How Dandelion Is A Healthy Food, Herb And Form of Traditional Medicine For Centuries ?
Updated: Oct 24, 2022
Humans have used dandelion leaves, stems, flowers, and roots for food, as an herb and in many forms of traditional medicine for centuries. From root to flower, dandelions are highly nutritious plants loaded with vitamins, minerals, and fiber. They were well known to ancient Egyptians, Greeks and Romans, and are recorded to have been used in traditional Chinese medicine for over a thousand years. The plant was used as food and medicine by Native Americans.
Taraxacum is the scientific name for dandelions, a large genus of flowering plant in the family Asteraceae. Taraxacum officinale is the common known dandelion and Taraxacum erythrospermum is the red-seeded dandelion, now propagate as wildflowers. The name dandelion means 'lion's tooth' and are thought to have evolved about 30 million years ago in Eurasia. With their golden flowers in the early spring, dandelions represent the return of life, the rebirth of growth and green after a harsh winter, and a display of abundant strength and power.
Dandelion greens have been a part of traditional Kashmiri cuisine, Spanish cuisine, Italian cuisine, Albanian cuisine, Slovenian, Sephardic Jewish, Chinese, Greek cuisine and Korean cuisines. Leaves are used to add flavor to salads, sandwiches, and teas, roots are used in some coffee substitutes, and the flowers are used to make wines. Dandelion was also traditionally used to make the British soft drink dandelion and burdock, and is one of the ingredients of root beer.
Not only can the leaves, roots, and flower add a pop of color to your plate, but they’re also often found in herbal teas and supplements, where they’re used as a natural remedy to support blood sugar management and boost skin, liver, and heart health. The entire plant, including the leaves, stems, flowers, and roots, is edible and nutritious, with nutrients such as raw dandelion greens contain high amounts of vitamins A, C, and K, and are moderate sources of calcium, potassium, iron, and manganese. Raw dandelion greens are 86% water, 9% carbohydrates, 3% protein, and 1% fat.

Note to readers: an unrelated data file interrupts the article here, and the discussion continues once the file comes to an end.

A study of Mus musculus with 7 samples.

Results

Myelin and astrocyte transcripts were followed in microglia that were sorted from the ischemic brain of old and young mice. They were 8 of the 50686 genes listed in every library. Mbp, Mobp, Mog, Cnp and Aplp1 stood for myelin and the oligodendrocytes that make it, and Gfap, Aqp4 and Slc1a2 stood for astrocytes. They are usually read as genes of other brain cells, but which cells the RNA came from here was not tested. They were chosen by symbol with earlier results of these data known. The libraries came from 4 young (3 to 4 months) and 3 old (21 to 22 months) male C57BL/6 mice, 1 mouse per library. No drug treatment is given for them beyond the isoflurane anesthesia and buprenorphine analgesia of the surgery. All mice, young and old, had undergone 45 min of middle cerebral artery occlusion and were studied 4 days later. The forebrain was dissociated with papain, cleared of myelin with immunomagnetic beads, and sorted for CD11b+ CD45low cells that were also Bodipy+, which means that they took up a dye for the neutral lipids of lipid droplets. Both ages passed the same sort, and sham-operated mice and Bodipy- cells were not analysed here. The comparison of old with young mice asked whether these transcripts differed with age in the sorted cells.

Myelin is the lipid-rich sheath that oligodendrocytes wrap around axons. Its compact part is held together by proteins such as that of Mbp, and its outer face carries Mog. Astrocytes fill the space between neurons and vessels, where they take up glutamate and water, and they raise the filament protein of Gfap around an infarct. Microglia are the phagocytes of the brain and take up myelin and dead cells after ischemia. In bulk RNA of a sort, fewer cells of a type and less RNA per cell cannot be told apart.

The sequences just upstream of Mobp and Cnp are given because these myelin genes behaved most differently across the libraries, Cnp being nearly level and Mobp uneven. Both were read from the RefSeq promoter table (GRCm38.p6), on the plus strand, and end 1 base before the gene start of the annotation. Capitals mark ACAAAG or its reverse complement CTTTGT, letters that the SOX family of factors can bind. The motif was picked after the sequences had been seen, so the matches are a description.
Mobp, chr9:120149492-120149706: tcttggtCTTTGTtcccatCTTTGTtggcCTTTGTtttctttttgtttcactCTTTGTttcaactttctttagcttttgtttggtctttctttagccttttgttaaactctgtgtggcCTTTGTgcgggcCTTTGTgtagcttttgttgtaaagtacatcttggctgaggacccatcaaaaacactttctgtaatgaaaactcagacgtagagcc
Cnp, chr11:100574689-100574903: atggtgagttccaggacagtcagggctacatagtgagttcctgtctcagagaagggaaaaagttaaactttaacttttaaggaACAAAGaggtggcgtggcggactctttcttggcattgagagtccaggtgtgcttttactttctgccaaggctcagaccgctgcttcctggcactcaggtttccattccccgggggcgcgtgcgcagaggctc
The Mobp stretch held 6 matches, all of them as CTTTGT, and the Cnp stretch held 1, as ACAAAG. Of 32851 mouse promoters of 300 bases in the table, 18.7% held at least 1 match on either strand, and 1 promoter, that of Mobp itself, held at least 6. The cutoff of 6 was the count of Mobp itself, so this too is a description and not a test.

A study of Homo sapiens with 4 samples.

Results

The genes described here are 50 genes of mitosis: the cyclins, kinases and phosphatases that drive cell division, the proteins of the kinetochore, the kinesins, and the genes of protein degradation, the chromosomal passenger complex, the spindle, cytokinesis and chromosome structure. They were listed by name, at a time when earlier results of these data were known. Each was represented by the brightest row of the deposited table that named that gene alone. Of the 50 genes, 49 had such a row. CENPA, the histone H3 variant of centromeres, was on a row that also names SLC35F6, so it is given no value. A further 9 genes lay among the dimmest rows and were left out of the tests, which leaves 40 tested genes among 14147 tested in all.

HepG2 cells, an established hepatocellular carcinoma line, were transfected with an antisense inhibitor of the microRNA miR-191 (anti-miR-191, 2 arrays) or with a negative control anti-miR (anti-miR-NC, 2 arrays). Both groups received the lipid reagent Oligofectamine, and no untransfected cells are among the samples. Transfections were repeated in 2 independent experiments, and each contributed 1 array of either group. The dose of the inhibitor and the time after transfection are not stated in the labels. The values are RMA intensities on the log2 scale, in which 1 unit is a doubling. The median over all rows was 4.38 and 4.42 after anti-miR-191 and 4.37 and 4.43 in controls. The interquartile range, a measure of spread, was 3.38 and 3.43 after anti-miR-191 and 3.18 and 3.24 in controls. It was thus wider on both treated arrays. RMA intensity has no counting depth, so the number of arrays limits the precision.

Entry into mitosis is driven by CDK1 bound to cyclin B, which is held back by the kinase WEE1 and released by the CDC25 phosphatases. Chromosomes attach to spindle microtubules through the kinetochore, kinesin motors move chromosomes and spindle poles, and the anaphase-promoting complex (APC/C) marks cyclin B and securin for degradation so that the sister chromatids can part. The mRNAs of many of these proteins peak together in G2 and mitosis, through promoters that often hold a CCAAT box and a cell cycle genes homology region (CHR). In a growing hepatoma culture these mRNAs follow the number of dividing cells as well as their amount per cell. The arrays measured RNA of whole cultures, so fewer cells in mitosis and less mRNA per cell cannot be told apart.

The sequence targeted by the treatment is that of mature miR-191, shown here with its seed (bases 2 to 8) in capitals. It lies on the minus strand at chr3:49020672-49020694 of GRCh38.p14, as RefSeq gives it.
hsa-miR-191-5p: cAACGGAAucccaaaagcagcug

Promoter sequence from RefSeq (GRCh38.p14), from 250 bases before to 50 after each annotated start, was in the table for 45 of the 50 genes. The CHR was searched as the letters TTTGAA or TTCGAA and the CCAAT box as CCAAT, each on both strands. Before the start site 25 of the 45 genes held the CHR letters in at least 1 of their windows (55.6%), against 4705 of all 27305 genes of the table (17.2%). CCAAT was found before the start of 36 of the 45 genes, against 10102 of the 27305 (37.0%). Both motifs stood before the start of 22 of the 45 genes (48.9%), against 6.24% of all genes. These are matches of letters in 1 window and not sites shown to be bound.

In the past, dandelion roots and leaves were used to treat liver problems. Native Americans also boiled dandelion in water and took it to treat kidney disease, swelling, skin problems, heartburn, and upset stomach. In traditional Chinese medicine (TCM), dandelion has been used to treat stomach problems, appendicitis, and breast problems, such as inflammation or lack of milk flow. In Europe, dandelion was used in remedies for fever, boils, eye problems, diabetes, and diarrhea.
Dandelions are also rich source of beta carotene and polyphenol compounds, both of which may neutralize harmful free radicals and protect against chronic disease. The root of the dandelion is rich in the carbohydrate inulin, a type of soluble fiber found in plants that supports the growth and maintenance of healthy gut bacteria supporting bowel regularity, among other digestive benefits. It's leaves are used as a diuretic to help the body get rid of too much fluid.
Dandelion plants have low toxicity and are likely safe for most people, especially when consumed as food. However, keep in mind that there have not been any quality scientific studies on dandelion and therefore isn’t entirely risk-free.
Except used as a healthy food, many folklore superstitions also been attached to dandelions over the years. It has been a western tradition for someone to blow out a dandelion seedhead and think of a wish they want to come true. Legend has it that, if you can blow all the seeds off a dandelion with a single breath, then the person you love will love you back. If seeds remain, then the object of your affection may have reservations about their feelings toward you. In addition to granting wishes, many people believe that dandelion seeds will carry your thoughts and dreams to loved ones when you blow them into the air.